The doctrine of tribal sovereignty extends to all Native American tribes that have been recognized by Congress and dates back to the US Constitution. It extends to tribes the right to operate business and economic entities without the interference of individual states. That sovereignty has be repeatedly upheld by Supreme Court decisions and state cases for 200 years. But Benjamin Lawksy thinks that he and his state can infringe on those sovereign rights.
Lawsky is the Superintendent of Financial Services for New York and a former Acting Superintendent of Banks. In early August, Lawsky issued an official order to internet lenders to stop lending money to NY residents. The letter was directed to 35 lenders, including over a dozen tribal entities, and also went to over 100 banks that help these online lenders with loan processing. It called the loans “illegal” and threatened banks who helped tribal lenders if they did not cease operations.
Although Lawsky is a former assistant US Attorney, his failure to separate tribal from state banks has resulted in accusations of intimidation and bullying against tribal businesses that are operating in complete compliance with federal laws and regulations.
The Native American Financial Services Association (NAFSA) countered with a cease and desist letter to Lawsky stating “we strongly disagree with your characterization of these payments as illegal. To the contrary, our businesses are legal and licensed and owned and operated by American Indian tribal governments across the United States.”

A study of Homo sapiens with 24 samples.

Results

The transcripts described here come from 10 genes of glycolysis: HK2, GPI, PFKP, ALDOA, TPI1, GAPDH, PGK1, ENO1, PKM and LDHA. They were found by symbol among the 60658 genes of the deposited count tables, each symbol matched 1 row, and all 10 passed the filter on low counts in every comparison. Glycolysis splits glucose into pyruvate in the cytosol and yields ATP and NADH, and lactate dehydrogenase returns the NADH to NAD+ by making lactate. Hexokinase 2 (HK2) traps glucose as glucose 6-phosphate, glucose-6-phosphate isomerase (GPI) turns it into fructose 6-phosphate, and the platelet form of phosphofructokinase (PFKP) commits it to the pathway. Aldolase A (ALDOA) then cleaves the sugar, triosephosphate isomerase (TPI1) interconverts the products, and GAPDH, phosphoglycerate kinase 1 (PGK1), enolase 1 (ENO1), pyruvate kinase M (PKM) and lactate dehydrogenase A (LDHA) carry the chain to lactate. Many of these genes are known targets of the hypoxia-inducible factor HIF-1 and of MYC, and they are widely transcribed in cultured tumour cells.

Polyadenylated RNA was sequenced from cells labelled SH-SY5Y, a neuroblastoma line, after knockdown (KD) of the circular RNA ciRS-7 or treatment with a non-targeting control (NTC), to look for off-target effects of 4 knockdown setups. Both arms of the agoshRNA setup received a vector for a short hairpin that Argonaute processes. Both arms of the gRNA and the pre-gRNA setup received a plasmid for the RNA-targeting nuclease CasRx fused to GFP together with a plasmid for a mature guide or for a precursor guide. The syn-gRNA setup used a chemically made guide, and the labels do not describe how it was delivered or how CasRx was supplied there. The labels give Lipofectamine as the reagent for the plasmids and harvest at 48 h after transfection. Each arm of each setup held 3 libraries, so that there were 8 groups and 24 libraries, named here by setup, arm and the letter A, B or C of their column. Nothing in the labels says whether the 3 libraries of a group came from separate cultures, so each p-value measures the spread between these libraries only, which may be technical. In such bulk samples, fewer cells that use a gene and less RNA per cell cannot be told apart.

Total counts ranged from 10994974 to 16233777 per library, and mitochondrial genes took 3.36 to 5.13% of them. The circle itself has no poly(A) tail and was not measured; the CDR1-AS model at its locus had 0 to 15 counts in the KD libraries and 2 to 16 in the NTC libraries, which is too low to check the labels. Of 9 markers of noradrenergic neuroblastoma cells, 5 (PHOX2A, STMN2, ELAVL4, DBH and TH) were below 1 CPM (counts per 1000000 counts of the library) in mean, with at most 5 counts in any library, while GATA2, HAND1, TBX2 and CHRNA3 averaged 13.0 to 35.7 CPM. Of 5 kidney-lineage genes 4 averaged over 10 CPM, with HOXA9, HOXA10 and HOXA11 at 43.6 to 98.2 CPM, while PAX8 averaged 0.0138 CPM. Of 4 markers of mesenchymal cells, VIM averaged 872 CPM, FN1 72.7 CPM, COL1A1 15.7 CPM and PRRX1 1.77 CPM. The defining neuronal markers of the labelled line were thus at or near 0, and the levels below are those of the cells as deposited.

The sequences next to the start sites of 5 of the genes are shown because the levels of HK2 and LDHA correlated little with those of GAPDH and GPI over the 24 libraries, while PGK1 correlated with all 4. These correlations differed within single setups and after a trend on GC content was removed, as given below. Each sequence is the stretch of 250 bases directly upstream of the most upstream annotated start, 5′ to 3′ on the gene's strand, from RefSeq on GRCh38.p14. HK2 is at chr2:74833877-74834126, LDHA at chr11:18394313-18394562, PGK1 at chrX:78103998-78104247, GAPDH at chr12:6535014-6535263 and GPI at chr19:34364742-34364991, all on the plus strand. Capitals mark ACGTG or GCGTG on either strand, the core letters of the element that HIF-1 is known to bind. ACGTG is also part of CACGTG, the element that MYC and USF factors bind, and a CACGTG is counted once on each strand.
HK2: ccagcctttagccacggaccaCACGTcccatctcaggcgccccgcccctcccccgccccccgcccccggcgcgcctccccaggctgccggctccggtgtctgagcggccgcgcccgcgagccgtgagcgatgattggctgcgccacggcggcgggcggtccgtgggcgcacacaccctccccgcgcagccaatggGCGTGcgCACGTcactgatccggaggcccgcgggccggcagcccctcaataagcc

With centuries of court decisions upholding Native American sovereignty, including a 2011 Colorado decision in a case also involving personal or “payday” loans, it is curious why New York would attempt to erode tribal rights in this manner — and at a potential huge financial cost to New York taxpayers. The Colorado case is believed to have cost several millions of dollars in legal fees and was decided against the state.
At stake is not only tribal sovereignty in operating these online businesses, but also the growing efforts of involved tribes to develop financial self-sufficiency. Revenue from tribal lenders goes to support many services such as health care and education. Economic self-sufficiency is especially important given that the recent budget sequester cut $552.7 million in federal funding for Native American schools, child care, and health clinics.
NAFSA Executive Director Barry Brandon warned Lawsky that unless he ceased and desisted in the unwarranted attacks on Native American businesses engaged in licensed lending activities, they would seek appropriate legal remedies.